Localisation: Branding across borders

It seems that nothing is simple nowadays in this international, multilingual, hyper-connected, tech-savvy world in which we live.

Unfortunately, the same could not be more true when it comes to taking your company overseas and making your brand accessible across the globe.

While it is a considerable task and one that should not be taken on lightly, there are a few fundamental questions you need to ask yourself which, once you have a response up your sleeve, should render the whole affair a lot less daunting.

Understanding localisation

If this term is new to you, then you need to get clued up – and fast. Broadening your brand’s horizons is not simply a case of hiring a few more marketing execs and taking out a lease in a new office.

Localising your company, brand, products and services requires extensive research of the market into which you are expanding. Who are your target audience and what do they want? How do they behave and what channels do you need to be focusing on?

But localisation isn’t just about researching your target market; there are many more delicate factors to take into account. For example, are there any cultural, religious, social, economical or political considerations that affect market behaviours? Are there any connotations or nuances to your current branding that could be lost or that will need adapting when you take it overseas? How will differences in legislation affect your operations?

You will also need to give some thought to your competition, as it is unlikely to be made up of the same rivals you face on the domestic scene. Have you considered registered trademarks and domain names, particularly region-specific ones, that you might need to get your mitts on?

In short, taking your brand abroad will require a wealth of research to be done before anything else.

Recognising shortfalls in expertise

You may have an enormous amount of faith in your workforce. However, few companies will have all of the skills and expertise required on-hand to take a brand multinational.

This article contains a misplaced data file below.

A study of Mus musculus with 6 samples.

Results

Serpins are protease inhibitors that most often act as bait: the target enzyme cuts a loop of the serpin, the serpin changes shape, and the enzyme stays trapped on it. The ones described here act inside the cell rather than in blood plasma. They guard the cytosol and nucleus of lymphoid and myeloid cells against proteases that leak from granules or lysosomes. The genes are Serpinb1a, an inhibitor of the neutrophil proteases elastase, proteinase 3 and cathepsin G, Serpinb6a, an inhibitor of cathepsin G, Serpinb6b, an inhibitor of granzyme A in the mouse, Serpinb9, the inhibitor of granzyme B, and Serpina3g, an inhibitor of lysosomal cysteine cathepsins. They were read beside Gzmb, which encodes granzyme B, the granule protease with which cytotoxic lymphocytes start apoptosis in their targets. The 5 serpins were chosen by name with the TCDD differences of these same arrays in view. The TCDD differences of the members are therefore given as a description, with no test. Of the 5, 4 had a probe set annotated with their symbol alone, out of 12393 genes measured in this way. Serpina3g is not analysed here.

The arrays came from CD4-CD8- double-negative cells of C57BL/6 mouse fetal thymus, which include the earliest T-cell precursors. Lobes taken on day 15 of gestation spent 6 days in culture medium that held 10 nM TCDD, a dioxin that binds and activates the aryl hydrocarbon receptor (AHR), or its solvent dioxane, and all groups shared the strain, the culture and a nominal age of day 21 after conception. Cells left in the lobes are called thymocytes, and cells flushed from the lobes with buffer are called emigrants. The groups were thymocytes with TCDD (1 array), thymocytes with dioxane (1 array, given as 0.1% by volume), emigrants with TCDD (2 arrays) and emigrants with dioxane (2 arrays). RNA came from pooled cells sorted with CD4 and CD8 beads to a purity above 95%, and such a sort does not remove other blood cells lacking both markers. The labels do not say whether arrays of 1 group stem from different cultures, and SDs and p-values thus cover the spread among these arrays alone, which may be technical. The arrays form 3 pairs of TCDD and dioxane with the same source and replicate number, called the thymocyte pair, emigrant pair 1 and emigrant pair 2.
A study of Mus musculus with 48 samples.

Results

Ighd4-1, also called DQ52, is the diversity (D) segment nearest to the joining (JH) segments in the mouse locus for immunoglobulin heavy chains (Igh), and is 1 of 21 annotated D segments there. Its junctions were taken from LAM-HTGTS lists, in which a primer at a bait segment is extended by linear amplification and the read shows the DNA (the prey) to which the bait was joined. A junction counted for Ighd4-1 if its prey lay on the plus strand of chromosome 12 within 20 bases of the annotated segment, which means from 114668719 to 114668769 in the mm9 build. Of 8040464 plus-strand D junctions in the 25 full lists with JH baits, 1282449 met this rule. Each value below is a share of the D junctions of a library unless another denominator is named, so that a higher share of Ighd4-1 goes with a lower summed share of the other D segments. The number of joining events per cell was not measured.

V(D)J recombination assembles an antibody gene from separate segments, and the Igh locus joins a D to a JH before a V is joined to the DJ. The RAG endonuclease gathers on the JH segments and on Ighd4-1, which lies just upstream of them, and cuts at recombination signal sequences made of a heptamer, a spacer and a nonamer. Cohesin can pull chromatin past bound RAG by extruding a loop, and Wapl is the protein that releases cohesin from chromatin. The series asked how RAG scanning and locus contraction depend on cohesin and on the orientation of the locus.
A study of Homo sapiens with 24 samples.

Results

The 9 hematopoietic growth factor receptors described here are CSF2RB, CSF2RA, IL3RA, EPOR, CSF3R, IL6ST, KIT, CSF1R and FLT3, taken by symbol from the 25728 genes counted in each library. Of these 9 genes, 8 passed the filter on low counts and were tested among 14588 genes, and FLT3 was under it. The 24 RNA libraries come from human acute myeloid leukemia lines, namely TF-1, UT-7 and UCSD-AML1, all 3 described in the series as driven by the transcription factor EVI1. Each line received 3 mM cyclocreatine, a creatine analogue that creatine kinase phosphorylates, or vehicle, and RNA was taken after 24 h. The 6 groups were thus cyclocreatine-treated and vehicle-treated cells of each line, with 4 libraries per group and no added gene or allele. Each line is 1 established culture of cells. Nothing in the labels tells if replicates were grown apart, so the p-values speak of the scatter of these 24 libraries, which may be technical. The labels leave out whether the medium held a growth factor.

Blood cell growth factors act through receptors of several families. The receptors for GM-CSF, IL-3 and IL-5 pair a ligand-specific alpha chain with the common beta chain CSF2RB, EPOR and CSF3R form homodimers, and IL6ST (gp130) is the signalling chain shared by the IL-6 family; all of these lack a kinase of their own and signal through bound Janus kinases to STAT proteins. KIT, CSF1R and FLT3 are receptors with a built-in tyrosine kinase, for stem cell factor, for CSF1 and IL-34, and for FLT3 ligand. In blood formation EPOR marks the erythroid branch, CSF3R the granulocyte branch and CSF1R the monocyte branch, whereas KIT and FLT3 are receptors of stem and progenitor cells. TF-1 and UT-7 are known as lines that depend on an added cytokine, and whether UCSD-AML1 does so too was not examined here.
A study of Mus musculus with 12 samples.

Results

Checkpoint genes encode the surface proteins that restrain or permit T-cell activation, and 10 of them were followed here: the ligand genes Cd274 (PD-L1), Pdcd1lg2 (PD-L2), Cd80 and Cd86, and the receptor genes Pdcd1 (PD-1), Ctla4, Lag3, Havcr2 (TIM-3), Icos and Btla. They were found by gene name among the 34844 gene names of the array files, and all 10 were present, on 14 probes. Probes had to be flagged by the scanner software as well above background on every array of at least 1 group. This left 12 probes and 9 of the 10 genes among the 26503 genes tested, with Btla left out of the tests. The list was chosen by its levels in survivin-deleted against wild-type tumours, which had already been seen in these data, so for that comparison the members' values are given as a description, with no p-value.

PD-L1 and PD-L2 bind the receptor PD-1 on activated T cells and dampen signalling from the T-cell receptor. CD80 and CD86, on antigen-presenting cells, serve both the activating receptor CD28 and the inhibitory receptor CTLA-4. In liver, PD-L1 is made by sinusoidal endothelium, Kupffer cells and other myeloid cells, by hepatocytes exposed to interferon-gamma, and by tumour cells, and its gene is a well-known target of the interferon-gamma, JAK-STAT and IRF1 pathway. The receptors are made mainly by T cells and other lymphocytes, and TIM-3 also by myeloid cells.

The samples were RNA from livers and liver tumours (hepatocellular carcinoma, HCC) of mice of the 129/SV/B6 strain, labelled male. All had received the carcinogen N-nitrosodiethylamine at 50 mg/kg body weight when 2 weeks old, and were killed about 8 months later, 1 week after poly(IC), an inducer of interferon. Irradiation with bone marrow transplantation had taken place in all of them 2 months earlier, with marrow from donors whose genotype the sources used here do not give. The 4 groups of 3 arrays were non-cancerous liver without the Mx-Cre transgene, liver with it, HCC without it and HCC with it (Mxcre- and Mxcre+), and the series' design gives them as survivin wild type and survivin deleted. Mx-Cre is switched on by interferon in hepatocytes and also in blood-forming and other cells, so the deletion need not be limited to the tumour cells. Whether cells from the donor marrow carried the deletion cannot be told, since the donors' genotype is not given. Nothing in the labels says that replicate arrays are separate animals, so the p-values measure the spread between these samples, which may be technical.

Rather than trying to compromise or make do with the personnel available to you, identify those key areas in which third-party specialists might be able to help.

For example, should you require a translation service, consider setting aside some of your expansion budget for business interpreters, such as companies likeĀ London Translations, to eliminate the challenge you may face by trying to tackle language barriers on your own.

Thinking ahead

In order to be successful in business, you need to remain one step ahead of not only rivals, but also yourself. It is not good enough to make game-changing decisions – such as making the move to expand abroad – without considering future repercussions or potential projects going forward, once the initial phase has been executed.

If you take these projects one step at a time, you may find that you hinder yourself further down the line because you hadn’t accounted for such an eventuality. Is there a chance that if you manage to conquer the Chinese market, you could look to expand into Hong Kong, Japan and South-East Asia too? How might that affect your plans, knowing this may be on the horizon?

These are the sorts of forward-thinking questions you must be asking yourself. After all, once you have broadened your horizons, who knows where it will take you next?